SWITZERLAND – Pension fund association ASIP has urged the government to lower the guaranteed return on pension contributions, insisting that the move is critical to improving the financial health of its members.

Earlier this year, the Swiss government decided to leave the rate in question at 2.5%.

“An adjustment to the rate is not appropriate right now, since although financial markets have performed well, the consequences of bearish markets are still being felt,” the government said.

Buoyed by positive equity markets, Swiss pension funds achieved a 6.2% return in the first half of 2005 – their best return since 2003.

Even so, ASIP said the government should reduce the guaranteed return to 2% both because of chronic underfunding among its members and because of what was being earned on bond markets currently.

According to the association, underfunding is a problem at 10% of private sector schemes and 38% of public sector schemes. Swiss law permits underfunding at the public schemes owing to a government guarantee.

Hanspeter Konrad, ASIP’s managing director, told IPE: “The rate should be lowered to ease the pressure on the funds and give them time to re-build their reserves.”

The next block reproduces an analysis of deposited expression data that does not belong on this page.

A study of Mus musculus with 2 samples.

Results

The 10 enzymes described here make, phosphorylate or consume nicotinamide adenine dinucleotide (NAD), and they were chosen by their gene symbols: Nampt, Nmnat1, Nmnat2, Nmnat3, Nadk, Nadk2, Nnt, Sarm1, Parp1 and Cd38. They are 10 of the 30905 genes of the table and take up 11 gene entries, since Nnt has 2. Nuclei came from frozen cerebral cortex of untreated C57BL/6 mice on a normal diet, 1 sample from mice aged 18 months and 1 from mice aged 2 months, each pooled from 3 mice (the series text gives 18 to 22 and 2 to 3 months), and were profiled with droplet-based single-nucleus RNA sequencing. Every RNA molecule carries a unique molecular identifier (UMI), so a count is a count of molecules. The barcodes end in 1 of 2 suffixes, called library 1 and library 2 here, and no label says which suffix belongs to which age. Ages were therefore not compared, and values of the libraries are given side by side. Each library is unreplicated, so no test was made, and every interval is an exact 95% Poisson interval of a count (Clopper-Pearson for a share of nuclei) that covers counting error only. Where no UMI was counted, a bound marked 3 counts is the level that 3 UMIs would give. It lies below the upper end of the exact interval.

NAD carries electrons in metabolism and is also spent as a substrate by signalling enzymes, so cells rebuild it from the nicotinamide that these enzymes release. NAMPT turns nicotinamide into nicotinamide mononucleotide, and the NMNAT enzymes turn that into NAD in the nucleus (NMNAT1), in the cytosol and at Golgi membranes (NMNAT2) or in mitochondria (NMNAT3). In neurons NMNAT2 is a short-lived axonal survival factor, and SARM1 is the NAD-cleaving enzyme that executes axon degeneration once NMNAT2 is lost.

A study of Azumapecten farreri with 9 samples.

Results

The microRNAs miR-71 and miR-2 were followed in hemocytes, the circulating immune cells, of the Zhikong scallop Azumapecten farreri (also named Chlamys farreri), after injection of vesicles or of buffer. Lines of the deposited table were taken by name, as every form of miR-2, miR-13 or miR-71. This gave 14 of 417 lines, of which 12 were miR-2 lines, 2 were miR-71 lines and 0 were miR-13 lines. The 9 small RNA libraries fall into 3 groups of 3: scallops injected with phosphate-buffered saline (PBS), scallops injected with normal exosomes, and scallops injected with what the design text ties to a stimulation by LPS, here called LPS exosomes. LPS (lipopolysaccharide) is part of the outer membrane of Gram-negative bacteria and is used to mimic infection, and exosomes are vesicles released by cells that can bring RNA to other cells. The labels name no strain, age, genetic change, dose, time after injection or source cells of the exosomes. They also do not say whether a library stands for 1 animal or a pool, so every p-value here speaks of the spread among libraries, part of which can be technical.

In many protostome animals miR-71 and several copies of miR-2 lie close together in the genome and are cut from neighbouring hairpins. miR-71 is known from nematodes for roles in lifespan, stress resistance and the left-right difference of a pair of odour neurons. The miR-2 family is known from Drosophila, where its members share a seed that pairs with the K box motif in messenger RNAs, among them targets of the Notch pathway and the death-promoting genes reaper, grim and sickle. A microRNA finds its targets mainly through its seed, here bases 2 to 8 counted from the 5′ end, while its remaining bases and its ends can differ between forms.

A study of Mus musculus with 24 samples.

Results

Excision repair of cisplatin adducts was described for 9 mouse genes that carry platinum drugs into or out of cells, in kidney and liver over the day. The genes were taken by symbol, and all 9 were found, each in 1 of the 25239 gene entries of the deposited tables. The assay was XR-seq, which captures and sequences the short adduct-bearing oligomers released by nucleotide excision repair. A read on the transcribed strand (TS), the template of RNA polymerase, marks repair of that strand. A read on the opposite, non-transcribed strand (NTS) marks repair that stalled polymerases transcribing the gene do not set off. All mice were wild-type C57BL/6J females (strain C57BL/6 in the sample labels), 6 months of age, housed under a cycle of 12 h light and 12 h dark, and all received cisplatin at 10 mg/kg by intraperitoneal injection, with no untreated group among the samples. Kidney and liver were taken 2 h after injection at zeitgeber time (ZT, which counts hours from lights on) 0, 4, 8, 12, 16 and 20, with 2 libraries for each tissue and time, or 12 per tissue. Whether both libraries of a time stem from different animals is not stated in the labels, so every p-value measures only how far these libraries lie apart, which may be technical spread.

According to ASIP, the fact that its members were earning around 2% on bond markets currently is another important reason why the rate should be reduced.

Indeed, low yields on bond markets is why German pension funds tied to insurers will likely reduce their guaranteed return to 2.25% in 2007 from 2.75% now.

However, ASIP’s call was sharply criticised by the SGB, the Swiss Trade Union Federation. Colette Nova, secretary of SGB, said on Swiss television that the pension funds’ strong performance in the first half in no way justified a cut in the guaranteed return.